In a rather surprising, and not a very appreciable move, the government cleared an increase in the cess on bigger, more premium vehicles to 25% from an earlier 15%. The move has not gone down well with the industry and several industry players have openly criticized the government for its instable taxation policy for the auto industry. It’s notable that the tax on vehicles which was at the level of about 52-54% before GST had reduced to a maximum of 43% post GST, benefitting customers and resulting in auto industry showing strong growth in the first month after GST was implemented. For the uninitiated, the government is planning to revise 28% GST + 15% cess to 28% GST +25% cess, which would make the prices of certain cars to shoot up, from the current post GST levels.
Luxury vehicle manufacturers, along with UV and SUV makers have lashed out at the government, calling the move as ‘against the spirit of a liberal market’ and an as ‘impediment to the Make in India initiative’.
We really think that the carmakers cannot be blamed for having that sort of a view. The Indian government’s policy towards the auto industry has been consistently inconsistent in the past few years. From excise duty cuts for smaller cars (irrespective of taking into consideration their emissions) to diesel ban in certain regions, the policymakers and the judiciary have kept the industry in a constant state of flux rather than providing it stability. While GST was another fluctuation, it was welcomed by the automakers, but the jolt of this additional cess might be too much for a frustrated auto industry to have a positive long term view of the Indian market.
Mr Piyush Goyal, Minister of State for Power, Coal, New and Renewable Energy and Mines, talking about the topic said that the move was “to increase cess on mid size Luxury cars is correction on Government as cess will help bringing rates of these cars at par with pre GST rates.” That doesn’t comes across as a very acceptable reply though, as the rates should have been decided after proper deliberation in the first place, rather than correcting them flippantly at a later point.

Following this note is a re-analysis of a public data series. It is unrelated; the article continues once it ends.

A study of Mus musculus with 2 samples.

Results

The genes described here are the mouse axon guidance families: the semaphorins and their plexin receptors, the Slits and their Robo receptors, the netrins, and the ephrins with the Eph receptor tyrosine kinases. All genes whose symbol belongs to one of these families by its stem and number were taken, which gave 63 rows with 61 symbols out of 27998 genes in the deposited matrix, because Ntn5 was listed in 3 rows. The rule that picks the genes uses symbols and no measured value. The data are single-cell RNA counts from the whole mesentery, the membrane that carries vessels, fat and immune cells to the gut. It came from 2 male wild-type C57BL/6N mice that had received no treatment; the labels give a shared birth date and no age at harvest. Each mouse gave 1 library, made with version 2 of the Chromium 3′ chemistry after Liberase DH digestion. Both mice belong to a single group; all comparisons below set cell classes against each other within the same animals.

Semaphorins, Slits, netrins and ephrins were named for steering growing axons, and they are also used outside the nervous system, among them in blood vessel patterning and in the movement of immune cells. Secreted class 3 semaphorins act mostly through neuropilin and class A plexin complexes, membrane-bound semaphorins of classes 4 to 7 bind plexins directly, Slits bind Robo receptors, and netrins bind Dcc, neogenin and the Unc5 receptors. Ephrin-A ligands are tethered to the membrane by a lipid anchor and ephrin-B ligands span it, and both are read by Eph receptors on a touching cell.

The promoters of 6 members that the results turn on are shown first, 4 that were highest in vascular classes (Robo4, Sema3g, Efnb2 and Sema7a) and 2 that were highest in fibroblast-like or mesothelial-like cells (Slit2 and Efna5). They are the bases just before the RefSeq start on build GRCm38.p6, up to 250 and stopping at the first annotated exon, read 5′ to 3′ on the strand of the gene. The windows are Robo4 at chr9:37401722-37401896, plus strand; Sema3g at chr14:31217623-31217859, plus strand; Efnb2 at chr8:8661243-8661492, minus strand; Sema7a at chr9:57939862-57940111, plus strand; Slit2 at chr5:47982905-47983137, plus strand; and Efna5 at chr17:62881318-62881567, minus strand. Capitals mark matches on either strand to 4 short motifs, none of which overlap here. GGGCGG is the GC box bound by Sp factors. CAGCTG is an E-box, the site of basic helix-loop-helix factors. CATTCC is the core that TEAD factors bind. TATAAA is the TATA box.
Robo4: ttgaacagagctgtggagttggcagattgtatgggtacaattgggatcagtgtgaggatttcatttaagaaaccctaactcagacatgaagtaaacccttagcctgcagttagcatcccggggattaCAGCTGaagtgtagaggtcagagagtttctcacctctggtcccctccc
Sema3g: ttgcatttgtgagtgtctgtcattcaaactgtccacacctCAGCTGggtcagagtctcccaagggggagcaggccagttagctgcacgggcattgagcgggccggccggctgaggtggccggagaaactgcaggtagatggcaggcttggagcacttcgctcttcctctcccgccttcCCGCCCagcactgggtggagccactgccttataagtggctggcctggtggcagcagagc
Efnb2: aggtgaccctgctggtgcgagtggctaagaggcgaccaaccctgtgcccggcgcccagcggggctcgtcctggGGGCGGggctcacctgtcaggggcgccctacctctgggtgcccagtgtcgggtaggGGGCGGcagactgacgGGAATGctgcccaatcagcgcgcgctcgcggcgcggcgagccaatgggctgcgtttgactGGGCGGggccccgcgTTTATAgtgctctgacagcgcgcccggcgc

Talking to PTI, Toyota Kirloskar Motor Vice Chairman and Whole Time Director Shekar Viswanathan said “the message that we are getting from the government from such a move is that it is not looking at the auto sector to spur economic growth”
Mercedes-Benz India MD and CEO Roland Folger was unequivocal in his disappointment with the decision and said the move will have a negative effect on the company’s long term strategy for India. “We are highly disappointed with the decision. We believe this will be a strong deterrent to the growth of luxury cars in this country. As a leading luxury car maker, this will also affect our future plans of expansion under ‘Make in India’ initiative. We feel deprived as the leading manufacturer of luxury cars in India, who has been championing ‘Make in India’” he said.
Audi India Head Rahil Ansari said: “We will be forced to re-evaluate our business plans in light of this development. This move unfortunately is against the spirit of liberal market dynamics and we can only request to reconsider this proposal.”
BMW Group India President Vikram Pawah had nothing different to share -“while BMW Group India welcomes the implementation of the Goods and Service Tax (GST) in India, immediate changes and fluctuations on motor vehicles cess will adversely affect the stability and growth of the automotive industry in India” – he quipped.
While the finance ministry has said that the GST Council has approved the proposal to hike cess on large cars and SUVs to 25 percent from 15 percent, the GST council is yet to decide the timeline for the implementation of the new cess.
A sensible decision from a revenue perspective or another haphazard policy? Do let us know your thoughts through the comments section below or on one of our social channels.